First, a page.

4 major errors that are putting at risk your Customer Experience Program
Here’s some of the major errors that most of the brands will make at some point in their way to design and implement a Customer Experience Program.
Thinking touch-points instead of journeys
The multitude of touch-points is simply creating additional complexity. Yesterday you were managing a FAQ, a physical store and a call-center. Today you’re loosing your mind on serving your customer across an endless list of touch-points : bots, messenger, social networks, mobile, phone, forms, emails, etc.
And keep in mind that the more touch-points you’re opening, the more reasons you’re giving your customers to criticize your service and assess your capacity to deliver a seamless experience no matter the contact point.
To avoid falling in this trap, focus on mapping and understanding your customer’s journeys. There’s not only one single journey. There’s many, that could be reduced to a selected core few ones, corresponding to your customers personas.
Customer journey mapping will help you identify the friction points and also the different paths that could be enhanced, tweaked, adjusted or optimized with no extra-cost. By being in your client shoes, you’ll be able to see the obstacles in a more clear way.
And be careful : customer journey is not what you design, it’s what your customer decide !
Focusing on solving problems instead of addressing the root causes
Hey, let’s reduce our social care SLA by 30mn ! Or you know what ? Let’s make our Response Rate higher than 20%. And maybe if we can add some free samples (or discounts) to the churning clients, we can keep them longer !
This is not solving problems. This is a way to show to your management that you’re hitting your targets, or doing your best. But this is not listening to your customers and solving their real actual problems.
Put simply, reducing SLA or enhancing Response Rates could be a mechanical approach to show a surface improvement. Let me take an example. After each holiday, you’re seeing a significant decrease in customer service requests regarding forgotten passwords, and most of your customers don’t like going through the technical procedure on your website to do the necessary, so they call an agent.
Technically, you can help them in a reduced amount of time and answer most of those requests, because you stored some templatized responses, you trained your agents on troubleshooting lost passwords, etc etc.
But have you thought that you’re not solving the root cause problem here ? Which is your way of managing password policy (probably handled by your IT team !), to deliver a seamless and frictionless experience, for those specific moments like when they’re back from holidays ?
The goal here is to really focus on the root cause : analyzing it, understanding its drivers and addressing it in the most reliable and viable way.
Adding technology layers instead of empowering your people
Technology won’t solve all of your problems by itself. Technology will enhance and improve an already structured processes and empower effective teams.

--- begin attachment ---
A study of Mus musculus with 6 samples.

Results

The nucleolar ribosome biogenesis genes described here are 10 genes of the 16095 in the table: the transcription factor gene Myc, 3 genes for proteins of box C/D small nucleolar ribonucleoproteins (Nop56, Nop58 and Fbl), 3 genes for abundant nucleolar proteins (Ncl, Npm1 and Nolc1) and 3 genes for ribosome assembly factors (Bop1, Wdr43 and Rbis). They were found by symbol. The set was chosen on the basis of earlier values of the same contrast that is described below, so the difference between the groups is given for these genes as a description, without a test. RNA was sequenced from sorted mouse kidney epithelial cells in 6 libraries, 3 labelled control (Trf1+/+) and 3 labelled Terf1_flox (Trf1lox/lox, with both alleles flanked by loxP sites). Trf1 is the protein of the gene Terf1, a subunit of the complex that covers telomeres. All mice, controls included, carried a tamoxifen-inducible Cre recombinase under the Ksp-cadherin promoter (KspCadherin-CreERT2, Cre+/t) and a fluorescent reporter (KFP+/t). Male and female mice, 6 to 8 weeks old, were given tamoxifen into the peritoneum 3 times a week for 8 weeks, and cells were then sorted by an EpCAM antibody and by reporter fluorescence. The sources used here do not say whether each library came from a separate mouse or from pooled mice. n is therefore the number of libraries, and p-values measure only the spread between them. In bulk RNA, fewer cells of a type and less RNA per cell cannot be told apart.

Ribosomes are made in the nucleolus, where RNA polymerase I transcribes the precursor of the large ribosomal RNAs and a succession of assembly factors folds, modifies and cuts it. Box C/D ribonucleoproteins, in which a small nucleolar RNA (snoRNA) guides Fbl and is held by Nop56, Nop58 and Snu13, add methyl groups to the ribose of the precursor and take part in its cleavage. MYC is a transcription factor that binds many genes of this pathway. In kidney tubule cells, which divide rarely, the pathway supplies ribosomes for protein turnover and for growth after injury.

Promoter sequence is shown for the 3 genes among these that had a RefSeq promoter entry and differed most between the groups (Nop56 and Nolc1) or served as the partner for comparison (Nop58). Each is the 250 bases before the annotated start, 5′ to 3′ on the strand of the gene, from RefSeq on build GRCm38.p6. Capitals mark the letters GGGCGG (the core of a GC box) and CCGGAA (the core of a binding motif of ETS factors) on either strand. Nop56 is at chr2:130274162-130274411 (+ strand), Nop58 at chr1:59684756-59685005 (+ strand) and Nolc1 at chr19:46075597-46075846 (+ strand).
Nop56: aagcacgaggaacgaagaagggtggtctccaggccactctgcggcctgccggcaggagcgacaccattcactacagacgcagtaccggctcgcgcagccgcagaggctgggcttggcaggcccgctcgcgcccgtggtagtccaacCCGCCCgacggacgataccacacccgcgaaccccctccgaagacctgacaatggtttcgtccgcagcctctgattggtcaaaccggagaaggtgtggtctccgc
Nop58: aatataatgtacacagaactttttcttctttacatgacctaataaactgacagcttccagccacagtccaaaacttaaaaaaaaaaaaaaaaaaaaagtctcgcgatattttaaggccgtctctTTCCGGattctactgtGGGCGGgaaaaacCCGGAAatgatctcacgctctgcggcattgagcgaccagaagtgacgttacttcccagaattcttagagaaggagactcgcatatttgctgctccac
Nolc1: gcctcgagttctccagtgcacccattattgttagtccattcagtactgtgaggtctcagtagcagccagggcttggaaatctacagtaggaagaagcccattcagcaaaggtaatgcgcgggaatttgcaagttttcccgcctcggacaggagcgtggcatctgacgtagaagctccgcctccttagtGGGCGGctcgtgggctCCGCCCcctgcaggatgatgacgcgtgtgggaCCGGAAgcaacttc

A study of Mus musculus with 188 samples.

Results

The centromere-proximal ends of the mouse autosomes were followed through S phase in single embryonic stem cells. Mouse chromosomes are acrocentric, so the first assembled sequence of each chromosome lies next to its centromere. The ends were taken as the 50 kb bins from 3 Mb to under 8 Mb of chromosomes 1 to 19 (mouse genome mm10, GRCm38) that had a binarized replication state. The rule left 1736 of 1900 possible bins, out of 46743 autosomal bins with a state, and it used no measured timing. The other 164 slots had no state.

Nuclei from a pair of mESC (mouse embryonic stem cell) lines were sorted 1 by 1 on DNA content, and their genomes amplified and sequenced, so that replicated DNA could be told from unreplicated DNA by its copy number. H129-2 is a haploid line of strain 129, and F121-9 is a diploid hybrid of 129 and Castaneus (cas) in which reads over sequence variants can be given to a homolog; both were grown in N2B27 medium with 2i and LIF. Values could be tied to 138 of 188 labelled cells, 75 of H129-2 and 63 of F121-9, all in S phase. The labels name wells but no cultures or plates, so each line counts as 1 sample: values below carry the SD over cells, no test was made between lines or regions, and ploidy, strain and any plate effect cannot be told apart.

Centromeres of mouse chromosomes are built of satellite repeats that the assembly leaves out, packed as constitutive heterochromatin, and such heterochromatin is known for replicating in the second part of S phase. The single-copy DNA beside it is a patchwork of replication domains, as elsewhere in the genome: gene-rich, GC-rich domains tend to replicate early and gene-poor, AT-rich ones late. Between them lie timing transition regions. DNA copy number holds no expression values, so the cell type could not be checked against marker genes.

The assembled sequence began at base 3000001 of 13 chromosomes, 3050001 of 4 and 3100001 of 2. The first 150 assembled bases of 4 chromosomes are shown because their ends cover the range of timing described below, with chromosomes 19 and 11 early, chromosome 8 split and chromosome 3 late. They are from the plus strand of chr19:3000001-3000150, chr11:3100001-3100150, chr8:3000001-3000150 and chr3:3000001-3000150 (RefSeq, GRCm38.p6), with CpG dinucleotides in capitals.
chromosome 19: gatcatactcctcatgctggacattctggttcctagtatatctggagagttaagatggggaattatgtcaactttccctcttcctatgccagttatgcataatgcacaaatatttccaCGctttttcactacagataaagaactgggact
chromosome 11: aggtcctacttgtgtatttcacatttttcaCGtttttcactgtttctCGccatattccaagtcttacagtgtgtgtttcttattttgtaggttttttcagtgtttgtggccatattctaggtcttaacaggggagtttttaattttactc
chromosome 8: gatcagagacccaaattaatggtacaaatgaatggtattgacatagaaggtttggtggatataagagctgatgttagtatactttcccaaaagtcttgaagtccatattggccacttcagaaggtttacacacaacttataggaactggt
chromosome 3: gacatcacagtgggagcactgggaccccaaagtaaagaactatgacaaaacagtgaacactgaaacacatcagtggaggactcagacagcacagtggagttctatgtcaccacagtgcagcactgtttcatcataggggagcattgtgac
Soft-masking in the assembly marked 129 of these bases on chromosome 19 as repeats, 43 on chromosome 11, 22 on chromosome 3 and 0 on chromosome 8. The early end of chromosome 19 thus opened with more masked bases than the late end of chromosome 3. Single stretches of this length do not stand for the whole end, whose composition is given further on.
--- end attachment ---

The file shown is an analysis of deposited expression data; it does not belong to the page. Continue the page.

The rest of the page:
But don’t expect that just by implementing the most robust or hype technology in the market, that your teams will be using it every single day and that it will save you money and time because it’s enhancing your actual processes & workflows.
You’ll have to take care of your people by empowering them to take the most out of the technology between their hands : appropriate training, adequate vision & purpose sharing on the reasons and the Why behind this change, continuous communication and support, informal knowledge transfer to secure best practices, and most of all : leading by the example.
If your people are seeing, on the field, that you’re doing something different from what you’re saying, be ready for a hard years ahead !
Customer Experience won’t be delivered at its best quality without an optimized Employee Experience. If your HR people are not “customer centric” in their mind set, how do you want them to serve your employees and support them in the best way to deliver the expected Customer Experience ?
Creating new processes instead of simplifying existing ones
Processes are vital. Too many of them is deadly. You’ll need processes to support a reliable activity for your customers and reduce friction points, keep traceability and accountability, measure success and identify improvement areas.
But be careful of the temptation of adding new ones each time there’s a new issue, or there’s a new product in your portfolio, or there’s a new department in your organization.
This will create more burden on your bottom line, will suffocate your front-office employees and make almost all of your resources process-executors with no room for creativity or servicing.
Keep in mind that the different friction points in the customer journey are coming from the blurry grey areas that fall between the roles or responsibilities of 2 or more departments or functions.
Instead, make sure you have a full visibility on the end-to-end processes and their impact on the customer journey, and make the necessary adjustment by suppressing duplicate tasks, or consolidating touch-points and teams, etc.
The goal is to start with your customer’s point of view and then walk back and identify which is the best process to support this journey.